SWISSCO HOLDINGS made its maiden entry into the oil rig leasing market on 30 July when it completed its acquisition of 100% of Scott and English Energy, which owns and leases mobile offshore drilling and service oil rigs, for S$285 million.
"The acquisition enables us to offer the full spectrum - from offshore support vessels to oilrigs," said Swissco CEO Alex Yeo at an investor briefing this week.
Arising from the acquisition, changes were made to the composition of Swissco's board and its committees. "Our new chairman (Tan Fuh Gih) is one of the founding members of KS Energy. His oilfield experience is invaluable to our know-how and resources for the provision of upstream oilfield drilling services," he said.
Mr Tan and his brother, Tan Kim Seng, and concert parties now control a combined 63.9% stake in the enlarged Swissco.
“We are not speculators. We buy oil rigs and put in place long term charters that give clear earnings visibility,” said Mr Chua Wei Teck, the CEO of Scott and English Energy and newly-appointed excutive director of Swissco Holdings.
"Based on our existing fleet size and pipeline, we expect about 75% of next year's revenue to be from oil rigs and the remaining 25% from the chartering of our other offshore support vessels," he added.
At the point of acquisition, Scott and English had 3 oil rigs operating in Mexico on 5 + 2-year charter contracts.
A fourth oil rig is undergoing conversion in the Middle East into an accommodation rig.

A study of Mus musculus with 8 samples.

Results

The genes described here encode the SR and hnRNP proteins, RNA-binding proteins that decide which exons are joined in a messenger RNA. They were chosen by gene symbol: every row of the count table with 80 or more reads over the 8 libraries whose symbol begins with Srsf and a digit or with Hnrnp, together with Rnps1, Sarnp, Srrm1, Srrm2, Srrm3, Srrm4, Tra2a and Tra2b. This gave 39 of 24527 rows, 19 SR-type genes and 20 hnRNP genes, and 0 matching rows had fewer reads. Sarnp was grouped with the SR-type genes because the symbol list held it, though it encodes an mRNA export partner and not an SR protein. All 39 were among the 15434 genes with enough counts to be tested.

This oil rig is expected to commence operations in 4QFY2014 on a 4-year charter contract.
Strong momentum for oilrig business
On 15 Aug, Scott and English announced that it secured charter contracts worth a total of US$94.8 million for another 4 offshore drilling rigs from an oil major for 2 years.
The Group expects to complete the acquisition of another 4 operating drilling jack-up rigs by 30 September.
The additional 4 rigs will also be deployed in the Gulf of Mexico.
“We are acquiring 4 older rigs that come with charter contracts,” said Mr Yeo.
He pointed out that as investments in oil rigs entail huge capital outlay, it is the Group’s strategy to acquire assets that are already generating stable cash flow.
It also targets older oil rigs as they require a lower capital investment relative to newbuildings.
Swissco is mindful of a risk with newbuildings: there’s no telling whether long term charter contracts can be signed at good charter rates when the Group takes delivery of the vessels.
A brand new oilrig takes 2.5 years to deliver.
To finance its oil rig acquisitions, on 7 August, Swissco inked a deal to raise US$42.847 million through the issue of 43.95 million redeemable exchangeable preference shares to private equities and individuals.
Contribution from the new business segment is expected to significantly boost its financial performance next year.
Swissco posted a 15.1% year-on-year growth in revenue to reach S$24.9 million for 1HFY2014 and net profit growth of 48.9% to reach S$5.7 million.
90% of its 1HFY2014 revenue was generated from chartering its fleet of offshore support vessels that range from anchor handling tug supply (AHTS) vessels, crew boats, utility tugs to accommodation vessels.
Its vessels are deployed in Asia, Australia, the Middle East and West Africa.
Q: What does your marine consultancy service division do?
Q: What are you building now?
Mr Yeo: When we first entered the OSV market, we bought two old boats. Similarly, with the oilrig business, we do not intend to enter with top-of-the-line assets. Old oil rigs can also have a second life. For example, old drilling rigs can be converted into accommodation rigs.
Q: What is your depreciation policy?
Mr Chua:It is usually 15 years for the older assets.